August 22, 2007

The Customer Equality Paradox

This is an interactive post, and I’m curious to know what everyone thinks.

Twice in the past two weeks customer equality has crossed my path. The first time was about two weeks ago when a colleague said to me, “The [Customer 1] and [Customer 2] seem to be your highest priority and everyone is mine.” The comment was made with the utmost sincerity, honesty, passion and true belief which I really respected. But my first thought was is this really realistic? Is it a smart business decisions to give all customers the same importance?

The second instance was just a couple days ago. I was flying from Los Angeles to Las Vegas and showed up to the gate well after the first boarding announcement was made. I always fly United and recently they implemented a Red Carpet boarding line where regardless of when you show up they will completely stop the other line and let you board if you qualify for the Red Carpet line. For this flight I could not use the Red Carpet line, but I’ve often thought is it fair that someone gets to stop the entire line after showing up late to board? Is it a good business decision to treat two customers differently when they paid the same amount for a service?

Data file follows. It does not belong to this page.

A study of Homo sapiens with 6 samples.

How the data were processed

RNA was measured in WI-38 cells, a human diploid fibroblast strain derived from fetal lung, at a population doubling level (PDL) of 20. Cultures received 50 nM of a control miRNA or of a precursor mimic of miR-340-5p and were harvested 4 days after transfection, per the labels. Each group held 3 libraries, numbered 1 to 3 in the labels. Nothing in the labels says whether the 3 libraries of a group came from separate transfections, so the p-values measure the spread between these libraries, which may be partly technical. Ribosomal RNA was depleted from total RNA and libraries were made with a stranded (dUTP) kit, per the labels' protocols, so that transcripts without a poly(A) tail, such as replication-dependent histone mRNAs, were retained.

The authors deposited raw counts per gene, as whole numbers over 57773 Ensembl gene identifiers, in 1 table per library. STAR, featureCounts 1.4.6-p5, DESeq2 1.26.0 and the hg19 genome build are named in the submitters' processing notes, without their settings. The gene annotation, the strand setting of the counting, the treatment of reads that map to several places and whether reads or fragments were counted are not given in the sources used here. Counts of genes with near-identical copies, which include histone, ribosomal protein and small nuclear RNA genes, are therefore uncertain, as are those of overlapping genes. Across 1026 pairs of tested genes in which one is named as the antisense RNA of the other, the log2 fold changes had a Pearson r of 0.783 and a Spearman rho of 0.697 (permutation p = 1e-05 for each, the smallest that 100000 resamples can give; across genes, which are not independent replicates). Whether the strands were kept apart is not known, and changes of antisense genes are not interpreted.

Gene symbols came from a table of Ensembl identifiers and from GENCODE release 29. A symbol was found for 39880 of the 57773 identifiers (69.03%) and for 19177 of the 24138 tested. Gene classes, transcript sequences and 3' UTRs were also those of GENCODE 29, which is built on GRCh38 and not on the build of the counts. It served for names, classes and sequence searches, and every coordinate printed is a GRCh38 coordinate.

Both of these instances speak to the Customer Equality Paradox: are all customers equal. It is important to note here that I’m not asking are all customers important, because that’s an easy answer. Rather, are all customers of equal importance to your business?

Complete the survey below and I’ll let everyone know what the outcome is. I’m interested to hear everyone’s comments about The Customer Equality Paradox.

What is your thought on Customer Equality?
All customers are equally important
Some customers are more important than others
Customers are not important
I'm really what is important
Free polls from
If you showed up late to boarding your plane and could cut in line by using the Red Carpet line would you?
Yes, because I've earned it
Yes, because I've paid for it
Yes, because I'm important
No, I should have been there on time
No, I think it's rude
No, I'd feel bad
Free polls from


|| davidjay || said...

...It is terribly awkward though. They often don't notice you standing there and then when they do they make this big deal out of it and many are poorly placed so they actually have to backup the main line to let you in.

Kevin Sturm said...

DJ...I totally agree. I've only done it once and they actually ROPED OFF the main line of customers waiting and then made this production out of opening the Red Carpet line and allowing me to board. I felt so bad I haven't done it since.